For the first time in my life I have a side-by-side refrigerator. I am finding that my freezer storage space needs to be carefully assessed because much of the space seems to be gobbled up with the ice-cube maker and water dispenser.
Defining my essential freezer storage items
By choice, I gifted my large chest freezer to a family member when I sold my home and moved to a townhome. My side by side refrigerator is all that I have, and at first I randomly tucked in leftovers and odds and ends. Then I would shop for meat or frozen vegetables, and become annoyed because I would have to remove less useful freezer storage items and try to make room for my new purchases. I found that I needed a plan and a list of items to keep on hand.
Milk is at the top of my list for freezer storage items
Why milk? I need it for my cereal, for drinking at mealtime, and for cooking, and when I run out I am not a happy camper. I don’t like to have to make emergency runs to the grocery store for just one or two items, especially in the winter, so I keep up to two gallons of milk in my freezer year-round.
I reuse the one liter sturdy plastic bottles that I get when I purchase Bolthouse Farms Mocha Cappuccino protein drink (yum), I refill the washed bottles with milk, leaving some room at the top of the bottle for expansion of milk as it freezes, and then line up the bottles (usually eight) to the back of one of the shelves.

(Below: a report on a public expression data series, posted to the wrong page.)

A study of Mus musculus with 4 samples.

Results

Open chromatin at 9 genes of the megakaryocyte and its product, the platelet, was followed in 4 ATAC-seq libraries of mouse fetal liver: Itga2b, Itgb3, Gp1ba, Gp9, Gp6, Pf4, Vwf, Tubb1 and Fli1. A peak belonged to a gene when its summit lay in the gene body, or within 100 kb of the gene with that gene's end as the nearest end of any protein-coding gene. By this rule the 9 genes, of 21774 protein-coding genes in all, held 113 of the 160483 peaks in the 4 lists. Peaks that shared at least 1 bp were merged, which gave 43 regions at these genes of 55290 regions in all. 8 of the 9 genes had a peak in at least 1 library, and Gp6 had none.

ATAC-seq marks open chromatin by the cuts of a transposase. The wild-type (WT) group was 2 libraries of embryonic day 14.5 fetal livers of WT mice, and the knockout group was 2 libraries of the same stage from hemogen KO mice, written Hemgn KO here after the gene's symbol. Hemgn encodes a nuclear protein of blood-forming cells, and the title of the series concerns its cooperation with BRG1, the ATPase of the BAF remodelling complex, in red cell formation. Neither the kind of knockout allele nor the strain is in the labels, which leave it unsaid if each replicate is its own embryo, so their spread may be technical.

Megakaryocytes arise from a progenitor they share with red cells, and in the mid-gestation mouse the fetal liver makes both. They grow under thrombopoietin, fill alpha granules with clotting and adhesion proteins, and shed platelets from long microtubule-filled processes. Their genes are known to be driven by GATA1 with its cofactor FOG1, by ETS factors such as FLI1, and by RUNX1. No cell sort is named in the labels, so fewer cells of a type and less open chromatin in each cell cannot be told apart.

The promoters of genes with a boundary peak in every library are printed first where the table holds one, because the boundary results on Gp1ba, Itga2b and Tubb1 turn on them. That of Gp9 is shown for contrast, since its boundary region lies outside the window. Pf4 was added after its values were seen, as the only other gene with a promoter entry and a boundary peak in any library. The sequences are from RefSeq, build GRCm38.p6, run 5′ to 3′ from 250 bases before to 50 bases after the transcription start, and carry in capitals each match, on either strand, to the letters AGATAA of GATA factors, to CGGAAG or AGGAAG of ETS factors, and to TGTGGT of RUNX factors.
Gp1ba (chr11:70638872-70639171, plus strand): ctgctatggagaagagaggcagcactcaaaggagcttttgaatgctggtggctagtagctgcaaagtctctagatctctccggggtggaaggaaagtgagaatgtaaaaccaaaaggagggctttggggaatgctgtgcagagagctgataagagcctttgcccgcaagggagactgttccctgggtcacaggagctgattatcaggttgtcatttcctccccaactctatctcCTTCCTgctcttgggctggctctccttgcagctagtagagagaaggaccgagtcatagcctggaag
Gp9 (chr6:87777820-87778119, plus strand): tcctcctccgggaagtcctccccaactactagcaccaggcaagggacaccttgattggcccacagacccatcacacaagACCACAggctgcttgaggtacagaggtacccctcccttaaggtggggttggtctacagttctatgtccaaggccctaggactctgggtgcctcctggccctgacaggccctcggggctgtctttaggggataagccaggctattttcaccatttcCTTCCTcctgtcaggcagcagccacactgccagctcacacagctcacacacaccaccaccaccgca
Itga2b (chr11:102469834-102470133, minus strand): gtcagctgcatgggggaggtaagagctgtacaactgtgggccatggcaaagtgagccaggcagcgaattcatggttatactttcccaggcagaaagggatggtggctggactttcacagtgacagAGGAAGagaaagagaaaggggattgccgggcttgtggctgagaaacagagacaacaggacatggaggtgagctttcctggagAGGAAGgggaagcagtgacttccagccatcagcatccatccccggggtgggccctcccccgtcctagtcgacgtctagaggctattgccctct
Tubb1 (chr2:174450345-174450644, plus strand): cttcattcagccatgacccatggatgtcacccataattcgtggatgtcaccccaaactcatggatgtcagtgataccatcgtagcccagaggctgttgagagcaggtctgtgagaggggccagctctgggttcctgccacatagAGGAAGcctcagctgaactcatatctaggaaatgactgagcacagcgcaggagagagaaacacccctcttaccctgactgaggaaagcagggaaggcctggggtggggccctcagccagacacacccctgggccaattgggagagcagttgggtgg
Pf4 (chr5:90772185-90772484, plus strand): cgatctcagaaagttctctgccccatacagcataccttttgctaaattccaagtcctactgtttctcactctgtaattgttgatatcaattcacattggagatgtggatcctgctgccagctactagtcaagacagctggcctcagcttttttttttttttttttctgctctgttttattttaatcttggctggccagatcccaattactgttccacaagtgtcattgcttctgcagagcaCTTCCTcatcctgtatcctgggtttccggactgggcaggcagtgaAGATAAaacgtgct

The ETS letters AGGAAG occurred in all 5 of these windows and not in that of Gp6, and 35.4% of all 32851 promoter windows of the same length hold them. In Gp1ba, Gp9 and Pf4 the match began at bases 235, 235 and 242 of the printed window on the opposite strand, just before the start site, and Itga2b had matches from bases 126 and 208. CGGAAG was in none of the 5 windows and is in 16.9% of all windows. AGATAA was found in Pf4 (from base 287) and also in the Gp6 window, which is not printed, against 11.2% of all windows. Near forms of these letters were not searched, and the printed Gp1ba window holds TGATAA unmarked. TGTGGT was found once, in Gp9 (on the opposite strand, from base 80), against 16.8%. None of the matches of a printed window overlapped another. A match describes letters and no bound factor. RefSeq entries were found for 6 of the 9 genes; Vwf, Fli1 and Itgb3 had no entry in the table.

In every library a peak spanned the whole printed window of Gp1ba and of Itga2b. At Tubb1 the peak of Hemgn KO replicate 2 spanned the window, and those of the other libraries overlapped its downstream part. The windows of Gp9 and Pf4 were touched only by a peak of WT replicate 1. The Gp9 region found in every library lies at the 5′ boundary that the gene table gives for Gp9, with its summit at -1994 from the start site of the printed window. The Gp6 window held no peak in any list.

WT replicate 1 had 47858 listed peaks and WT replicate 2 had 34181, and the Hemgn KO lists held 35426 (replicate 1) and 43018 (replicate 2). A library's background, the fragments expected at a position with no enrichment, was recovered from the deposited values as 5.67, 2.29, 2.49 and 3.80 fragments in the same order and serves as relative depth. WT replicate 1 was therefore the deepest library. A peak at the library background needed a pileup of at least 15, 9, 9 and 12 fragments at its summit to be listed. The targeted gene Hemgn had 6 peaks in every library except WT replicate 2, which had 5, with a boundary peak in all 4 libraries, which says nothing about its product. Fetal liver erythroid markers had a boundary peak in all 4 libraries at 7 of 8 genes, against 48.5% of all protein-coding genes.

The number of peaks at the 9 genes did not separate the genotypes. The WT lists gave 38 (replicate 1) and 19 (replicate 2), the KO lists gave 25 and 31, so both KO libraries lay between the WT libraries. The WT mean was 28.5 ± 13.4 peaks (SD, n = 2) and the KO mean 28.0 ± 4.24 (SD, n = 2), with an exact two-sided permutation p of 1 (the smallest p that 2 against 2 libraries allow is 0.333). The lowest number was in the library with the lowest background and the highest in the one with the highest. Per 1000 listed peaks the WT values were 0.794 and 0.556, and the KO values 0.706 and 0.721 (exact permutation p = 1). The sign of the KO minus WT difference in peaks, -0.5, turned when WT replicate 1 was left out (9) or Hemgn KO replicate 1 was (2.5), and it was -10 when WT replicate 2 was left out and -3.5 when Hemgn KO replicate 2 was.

It is important to move the milk from the freezer to the refrigerator in a timely fashion. Milk in a one liter bottle thaws slowly in the refrigerator, but you can speed up the thawing process by setting the bottle out on the counter for a few hours.
Protein is a top priority for my freezer storage
All I need to keep on hand are individually wrapped boneless chicken breasts, some packages of fish, and some lean ground beef individually packaged in quarter pound quantities. I have learned to not buy larger cuts of meat, such as roasts, or whole chickens or turkeys until such time as I am ready to actually prepare that item.
Veggies and fruits are next on my list
I keep several packages of steam fresh veggies in the freezer (without butter sauces) plus packages of my homemade roasted veggies. I find blueberries and peaches to be very useful, and I store some packages of vegetable and fruit pulp and juices that I make myself with my juicer. I don’t waste the pulp from the juicer but find ways to use it on salads, in soups, etc.
Miscellaneous staples to keep on hand
Although I don’t use a lot of shredded cheese, it is nice to have a small supply available for recipes, especially homemade pizza. Cheese generally keeps well.
I keep bags of walnuts, pecans and almonds in the freezer. They are great for baking and snacking.
I like to have a variety of sliced bread or a package or two of artisan bread on hand. I was told at the bakery recently to put a loaf of frozen artisan bread in the oven at 350 degrees for 20 minutes to make it taste like freshly baked bread. I haven’t tried that yet, but it is on my list of things to do.
Frozen items degrade because of exposure to air; package them in containers or bags that are made as air tight as possible.
Rotate the contents of your freezer so that older items are used first.
You can tightly seal bags of soup or other soft items and then freeze them in a flat position. This way the bags can be stacked more efficiently on a freezer shelf.
With these freezer storage items on hand in my side by side refrigerator, I am good to go for most cooking efforts. I would welcome other space-saving ideas from anyone who wishes to share them.